Certhia famosa Linnaeus, 1766, Cape of Good Hope, South Africa. Two subspecies.
OTHER COMMON NAMES
English: Yellow-tufted malachite sunbird, green sugarbird, long-tailed emerald sunbird; French: Souimanga malachite; German: Malachitnektarvogel; Spanish: Nectarina de Copete Amarillo.
Male 9.4–10.6 in (24–27 cm), female 5.1–5.9 in (13–15 cm); male 0.42–0.79 oz (12.0–22.5 g), female 0.32–0.62 oz (9.1–17.5 g). Mostly dark green with long bill and short tail with two elongated tail feathers. Blackish wings with small yellow patch.
N. f. cupreonitens: highlands of Eritrea, Ethiopia, southern Sudan, eastern Democratic Republic of the Congo, Tanzania, Uganda, Kenya, Zimbabwe, northern Malawi, and northern Mozambique; N. f. famosa: Namibia, South Africa, Lesotho, western Swaziland, and Zimbabwe.
In South Africa from coast to 9,200 ft (2,800 m) high in fynbos, karoo vegetation, alpine moorland, and gardens, but not in forest. Elsewhere found in open areas, moorland, bamboo zone, and at forest edges.
Often seen singly but may congregate in flocks of more than 1,000 birds in patches of favorite food such as Leonotis leonurus. Aggressive, defending feeding areas against conspecifics involving physical duels in mid-air, other species of sunbirds, and wide variety of other birds. Can lower body temperature during cold nights. Territorial. Males perform elaborate display flights, involving dive-bombing rivals from high up or twisting flights with wings stretched out. Song sometimes accompanied by pointing head upward and displaying pectoral tufts with wings half open. Courtship display by males involves drooping wings and whistling, followed by fast warbling and flapping of wings and showing of pectoral tufts, before vertical flight and landing on female to copulate.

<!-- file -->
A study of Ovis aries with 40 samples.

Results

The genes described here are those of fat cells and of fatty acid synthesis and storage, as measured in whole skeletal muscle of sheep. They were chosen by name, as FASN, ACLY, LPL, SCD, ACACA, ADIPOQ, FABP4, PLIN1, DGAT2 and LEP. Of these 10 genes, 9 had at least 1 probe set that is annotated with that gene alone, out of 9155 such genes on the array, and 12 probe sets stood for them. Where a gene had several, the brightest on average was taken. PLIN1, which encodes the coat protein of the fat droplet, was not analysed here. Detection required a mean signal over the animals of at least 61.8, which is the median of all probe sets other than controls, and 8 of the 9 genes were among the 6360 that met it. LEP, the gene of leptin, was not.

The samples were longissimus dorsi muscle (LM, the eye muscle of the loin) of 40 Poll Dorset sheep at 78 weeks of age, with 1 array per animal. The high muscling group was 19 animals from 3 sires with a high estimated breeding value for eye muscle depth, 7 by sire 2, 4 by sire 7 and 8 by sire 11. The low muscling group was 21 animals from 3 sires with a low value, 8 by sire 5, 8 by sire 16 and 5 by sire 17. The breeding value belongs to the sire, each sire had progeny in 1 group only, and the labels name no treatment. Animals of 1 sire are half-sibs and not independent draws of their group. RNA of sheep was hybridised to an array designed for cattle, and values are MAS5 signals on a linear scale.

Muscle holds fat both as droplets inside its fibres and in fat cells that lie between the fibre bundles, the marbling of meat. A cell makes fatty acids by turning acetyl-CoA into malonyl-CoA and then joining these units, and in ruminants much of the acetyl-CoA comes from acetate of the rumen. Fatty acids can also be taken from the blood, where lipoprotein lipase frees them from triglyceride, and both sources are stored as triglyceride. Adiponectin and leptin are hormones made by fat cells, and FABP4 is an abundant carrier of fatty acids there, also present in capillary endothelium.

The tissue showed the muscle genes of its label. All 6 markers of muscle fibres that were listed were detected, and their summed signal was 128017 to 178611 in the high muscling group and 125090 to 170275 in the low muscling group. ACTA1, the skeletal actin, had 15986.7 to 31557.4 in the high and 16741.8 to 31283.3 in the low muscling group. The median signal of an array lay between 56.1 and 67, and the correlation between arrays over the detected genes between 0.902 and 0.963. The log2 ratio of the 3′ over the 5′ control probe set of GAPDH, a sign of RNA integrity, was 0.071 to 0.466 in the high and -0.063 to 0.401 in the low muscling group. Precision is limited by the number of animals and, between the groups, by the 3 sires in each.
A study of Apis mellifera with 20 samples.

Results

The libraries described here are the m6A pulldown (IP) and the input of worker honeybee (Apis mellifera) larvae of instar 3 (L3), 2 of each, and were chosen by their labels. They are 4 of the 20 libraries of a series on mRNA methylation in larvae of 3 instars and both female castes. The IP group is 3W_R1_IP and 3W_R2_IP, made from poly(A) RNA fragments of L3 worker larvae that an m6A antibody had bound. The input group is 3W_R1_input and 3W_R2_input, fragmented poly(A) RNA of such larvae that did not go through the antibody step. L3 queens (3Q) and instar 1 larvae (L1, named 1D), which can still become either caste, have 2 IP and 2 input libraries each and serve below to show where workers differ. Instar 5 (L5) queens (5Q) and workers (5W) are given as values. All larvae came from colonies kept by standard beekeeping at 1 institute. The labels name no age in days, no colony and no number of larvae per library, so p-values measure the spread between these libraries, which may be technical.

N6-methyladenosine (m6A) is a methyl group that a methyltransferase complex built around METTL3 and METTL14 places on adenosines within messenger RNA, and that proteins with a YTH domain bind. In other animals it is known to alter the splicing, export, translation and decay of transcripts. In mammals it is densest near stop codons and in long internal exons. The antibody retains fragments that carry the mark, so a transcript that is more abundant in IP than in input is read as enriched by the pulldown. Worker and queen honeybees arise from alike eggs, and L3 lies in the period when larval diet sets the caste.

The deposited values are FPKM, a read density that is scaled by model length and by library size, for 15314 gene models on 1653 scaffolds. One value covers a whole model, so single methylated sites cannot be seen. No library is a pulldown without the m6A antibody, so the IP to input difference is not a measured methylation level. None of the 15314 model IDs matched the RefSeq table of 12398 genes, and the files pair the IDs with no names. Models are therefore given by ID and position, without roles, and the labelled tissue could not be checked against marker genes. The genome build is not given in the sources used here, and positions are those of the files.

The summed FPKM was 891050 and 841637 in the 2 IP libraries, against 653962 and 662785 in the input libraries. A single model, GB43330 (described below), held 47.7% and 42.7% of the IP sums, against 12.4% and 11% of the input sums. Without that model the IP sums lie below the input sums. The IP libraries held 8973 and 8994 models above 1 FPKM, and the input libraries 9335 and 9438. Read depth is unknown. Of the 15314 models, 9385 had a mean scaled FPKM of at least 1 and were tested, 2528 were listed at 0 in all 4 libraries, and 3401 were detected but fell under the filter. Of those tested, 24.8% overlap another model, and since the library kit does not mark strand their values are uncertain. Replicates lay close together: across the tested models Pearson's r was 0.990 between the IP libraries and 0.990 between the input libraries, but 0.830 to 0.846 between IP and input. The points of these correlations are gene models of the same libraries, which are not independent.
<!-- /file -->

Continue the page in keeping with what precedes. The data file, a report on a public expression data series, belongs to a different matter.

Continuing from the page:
FEEDING ECOLOGY AND DIET
Feeds on flowers to take nectar, especially from proteas, redhot pokers, and giant lobelias. Also takes wide variety of insects, sometimes catching them in mid-air like a flycatcher.
Up to three greenish eggs with dark mottles laid in oval nest, often with porch of grass above entrance hole. Nest may be suspended or placed in a bush. Female incubates for two weeks. After two-week nestling period, both parents feed fledglings, who return to nest for roosting. May be double- or triple-brooded, sometimes reusing same nest. Parasitized by Klaas’s cuckoo and by red-chested cuckoo (Cuculus solitarius).
Not threatened. Locally common in highland areas.
SIGNIFICANCE TO HUMANS
Pollinator of proteas and other flowers.